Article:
Location: Seattle, the question: “Why Are You Here Today”Trayvon Gilliam of Seattle, “I’m here to show support for Trayvon. For justice” When I asked him if he had anything else to say or if he wanted to add anything else, Trayvon replied “Isn’t that enough.”
(l-r) Father and son, Glenn and Jennar, of Redmond, Washington: “This is my son’s first rally. We attended President Obama’s inauguration.” Jennar: “I don’t think it’s fair, what happened to Trayvon Martin. Marissa Alexander fired a warning shot and she got jail. Her husband should have gone to jail. George Zimmerman should have gone to jail. It’s good that people came here to show they care.”
(l-r) Son and mother Myles and Vanessa of Edmonds Washington: Vanessa: “It’s my opportunity to come and participate. We need our justice system revamped. I think the verdict is just another statement of this. Young black men are profiled because of the color of their skin. It’s unjust. I want justice for everyone. I don’t want my son to be another statistic. I am here to represent who I am”
Myles: “Don’t visualize me as a wrong person just because of the color of my skin. Don’t profile me”
(l-r) Two friends speaking: Ahoua of Seattle: I’m here to demand justice for Trayvon. To keep his name alive. I have two young boys of my own. Trayvon did nothing wrong. I do not want him to be forgotten” Holding the flag is Gwen of Seattle” “I’m here because we need accountability. He is dead. This child did nothing wrong. I have granchildren. Are they next? We are all the same. We’ve all come together, sorry we here again.”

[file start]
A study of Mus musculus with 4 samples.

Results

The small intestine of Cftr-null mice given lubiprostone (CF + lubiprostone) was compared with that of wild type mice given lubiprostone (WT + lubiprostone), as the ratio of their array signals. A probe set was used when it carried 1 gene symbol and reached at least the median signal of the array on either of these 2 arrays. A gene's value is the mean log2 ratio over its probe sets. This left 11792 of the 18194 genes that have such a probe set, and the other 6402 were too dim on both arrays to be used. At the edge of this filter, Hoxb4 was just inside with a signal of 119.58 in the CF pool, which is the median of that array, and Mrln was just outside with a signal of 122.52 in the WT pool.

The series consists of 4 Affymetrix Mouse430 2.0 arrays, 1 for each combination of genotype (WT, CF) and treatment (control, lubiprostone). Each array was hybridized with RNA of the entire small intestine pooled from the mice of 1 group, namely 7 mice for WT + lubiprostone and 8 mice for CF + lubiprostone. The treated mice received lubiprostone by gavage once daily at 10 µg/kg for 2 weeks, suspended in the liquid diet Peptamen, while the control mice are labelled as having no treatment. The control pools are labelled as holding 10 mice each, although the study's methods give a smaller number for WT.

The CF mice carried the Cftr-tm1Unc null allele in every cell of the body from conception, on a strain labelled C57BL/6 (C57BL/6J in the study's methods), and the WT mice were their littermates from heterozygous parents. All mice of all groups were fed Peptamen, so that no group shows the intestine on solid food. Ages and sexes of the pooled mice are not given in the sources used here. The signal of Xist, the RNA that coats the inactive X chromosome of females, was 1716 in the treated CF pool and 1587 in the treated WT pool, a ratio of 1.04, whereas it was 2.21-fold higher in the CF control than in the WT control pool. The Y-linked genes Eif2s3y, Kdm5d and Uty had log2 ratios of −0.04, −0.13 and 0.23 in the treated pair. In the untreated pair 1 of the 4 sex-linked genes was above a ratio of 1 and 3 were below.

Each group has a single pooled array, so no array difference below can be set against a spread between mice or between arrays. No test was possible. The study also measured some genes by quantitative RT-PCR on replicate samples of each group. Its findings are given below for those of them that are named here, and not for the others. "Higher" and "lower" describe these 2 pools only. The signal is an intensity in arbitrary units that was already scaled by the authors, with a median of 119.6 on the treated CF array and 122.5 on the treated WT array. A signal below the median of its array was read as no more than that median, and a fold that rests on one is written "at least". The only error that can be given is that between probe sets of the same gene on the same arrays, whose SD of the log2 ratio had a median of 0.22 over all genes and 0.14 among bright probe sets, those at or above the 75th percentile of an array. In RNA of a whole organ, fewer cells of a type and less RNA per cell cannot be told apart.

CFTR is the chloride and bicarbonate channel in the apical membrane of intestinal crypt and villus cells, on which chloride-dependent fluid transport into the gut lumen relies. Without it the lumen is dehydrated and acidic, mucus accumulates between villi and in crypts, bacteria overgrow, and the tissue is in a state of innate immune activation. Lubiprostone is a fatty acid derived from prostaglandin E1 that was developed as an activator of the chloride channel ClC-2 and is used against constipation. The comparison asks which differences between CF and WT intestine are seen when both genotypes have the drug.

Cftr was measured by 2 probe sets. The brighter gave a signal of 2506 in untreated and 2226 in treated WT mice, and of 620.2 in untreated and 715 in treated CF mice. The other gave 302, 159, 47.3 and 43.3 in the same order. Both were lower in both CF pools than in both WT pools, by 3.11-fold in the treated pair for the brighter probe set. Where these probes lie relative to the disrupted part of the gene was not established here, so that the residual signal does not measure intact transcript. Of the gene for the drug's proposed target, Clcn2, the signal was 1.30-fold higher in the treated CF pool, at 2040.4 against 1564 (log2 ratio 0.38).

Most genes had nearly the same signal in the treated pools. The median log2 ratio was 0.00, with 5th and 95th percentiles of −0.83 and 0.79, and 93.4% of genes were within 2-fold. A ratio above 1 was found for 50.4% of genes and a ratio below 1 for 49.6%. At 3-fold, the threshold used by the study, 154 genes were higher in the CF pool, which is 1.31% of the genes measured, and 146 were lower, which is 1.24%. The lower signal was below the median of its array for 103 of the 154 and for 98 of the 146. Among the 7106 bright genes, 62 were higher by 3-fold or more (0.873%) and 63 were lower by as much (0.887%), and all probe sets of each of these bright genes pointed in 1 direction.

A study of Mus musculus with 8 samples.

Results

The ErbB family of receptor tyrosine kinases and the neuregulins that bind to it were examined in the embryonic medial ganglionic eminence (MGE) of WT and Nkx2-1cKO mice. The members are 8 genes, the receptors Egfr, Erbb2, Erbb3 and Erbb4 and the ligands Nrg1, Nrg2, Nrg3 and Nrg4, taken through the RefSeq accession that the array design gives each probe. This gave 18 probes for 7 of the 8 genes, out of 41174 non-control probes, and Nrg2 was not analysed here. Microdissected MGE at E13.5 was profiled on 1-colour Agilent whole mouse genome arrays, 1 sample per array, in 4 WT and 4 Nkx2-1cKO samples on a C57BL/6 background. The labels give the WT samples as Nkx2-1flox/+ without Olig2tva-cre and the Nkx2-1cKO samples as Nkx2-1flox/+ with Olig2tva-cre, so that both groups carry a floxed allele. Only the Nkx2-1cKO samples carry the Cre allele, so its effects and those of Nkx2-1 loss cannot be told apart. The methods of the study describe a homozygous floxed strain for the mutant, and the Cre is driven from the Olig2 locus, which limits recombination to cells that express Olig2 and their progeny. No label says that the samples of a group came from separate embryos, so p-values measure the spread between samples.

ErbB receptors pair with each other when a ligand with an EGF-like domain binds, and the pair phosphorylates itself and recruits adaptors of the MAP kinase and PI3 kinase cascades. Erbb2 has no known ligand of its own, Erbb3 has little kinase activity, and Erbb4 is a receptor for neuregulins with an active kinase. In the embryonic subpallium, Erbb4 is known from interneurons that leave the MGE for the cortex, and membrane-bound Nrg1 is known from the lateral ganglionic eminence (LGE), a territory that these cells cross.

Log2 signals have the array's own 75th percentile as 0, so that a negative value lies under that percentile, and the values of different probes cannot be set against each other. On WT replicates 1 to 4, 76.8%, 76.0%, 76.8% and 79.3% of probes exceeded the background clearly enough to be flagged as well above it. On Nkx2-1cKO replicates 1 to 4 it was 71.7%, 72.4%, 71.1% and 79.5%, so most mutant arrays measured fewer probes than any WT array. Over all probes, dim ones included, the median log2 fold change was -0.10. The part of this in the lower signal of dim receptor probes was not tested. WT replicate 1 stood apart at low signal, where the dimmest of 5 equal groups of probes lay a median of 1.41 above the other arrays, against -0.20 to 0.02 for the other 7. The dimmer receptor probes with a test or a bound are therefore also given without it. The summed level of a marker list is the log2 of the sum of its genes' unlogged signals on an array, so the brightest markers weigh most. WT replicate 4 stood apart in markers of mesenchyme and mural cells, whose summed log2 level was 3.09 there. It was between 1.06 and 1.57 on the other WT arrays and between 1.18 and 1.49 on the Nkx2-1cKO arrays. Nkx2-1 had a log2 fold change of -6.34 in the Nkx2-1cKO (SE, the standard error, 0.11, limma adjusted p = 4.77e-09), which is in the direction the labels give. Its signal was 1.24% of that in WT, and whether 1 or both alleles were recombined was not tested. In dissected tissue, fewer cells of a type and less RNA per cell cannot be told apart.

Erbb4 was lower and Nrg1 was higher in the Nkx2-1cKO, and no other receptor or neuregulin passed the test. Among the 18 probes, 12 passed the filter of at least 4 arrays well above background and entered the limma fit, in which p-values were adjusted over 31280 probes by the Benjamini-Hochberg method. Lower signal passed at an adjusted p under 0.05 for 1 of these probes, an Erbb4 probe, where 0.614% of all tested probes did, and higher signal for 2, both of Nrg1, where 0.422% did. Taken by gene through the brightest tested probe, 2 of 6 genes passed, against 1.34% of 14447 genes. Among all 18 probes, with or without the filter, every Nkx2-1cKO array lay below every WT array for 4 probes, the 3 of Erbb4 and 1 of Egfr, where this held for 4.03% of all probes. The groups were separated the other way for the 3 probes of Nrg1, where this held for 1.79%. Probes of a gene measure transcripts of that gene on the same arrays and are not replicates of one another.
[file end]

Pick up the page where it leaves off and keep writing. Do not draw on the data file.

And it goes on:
At front, is Cheryl of Seattle: “I have black people in my family. I have black grandchildren. We talk about race all the time. All the time. They tell me whats really going on. 70 percent of black men have been, are in, or will be put in jail. My family is humiliated. Humiliated every day. They are terrified. They are frightened to leave the house. Afraid they are going to be the next to get killed. Last week my grandson was blowing kisses from the parking garage to his wife on the sidewalk below. The police stopped him and her, and asked her if that man was bothering her. My grandchildren ask me to take them downtown because they know I will protect them.”
Cheryl of Seattle, above left.
If you draw a line in the sand, as the saying goes, you draw distinction, sets boundaries, throw the proverbial gauntlet. Simply say, enough is enough.
This column aims to address the tantamount concerns facing our environment, culture, society, and ethos. There is no better way, in my humble opinion other than to record the visual and opinion of the person on the street.
Think of it as a visual cross section of Americans.
I really love people. It is the joy of my profession is to speak, engage and converse with other people. I really do, love to listen and hear what people have to say.
My method is simple.
I ask a question. Write down the answer. Speak back what I’ve heard.
This keeps me in balance as a journalist, and gives the participant the space to add, ameliorate or subtract from the sum total of our conversation.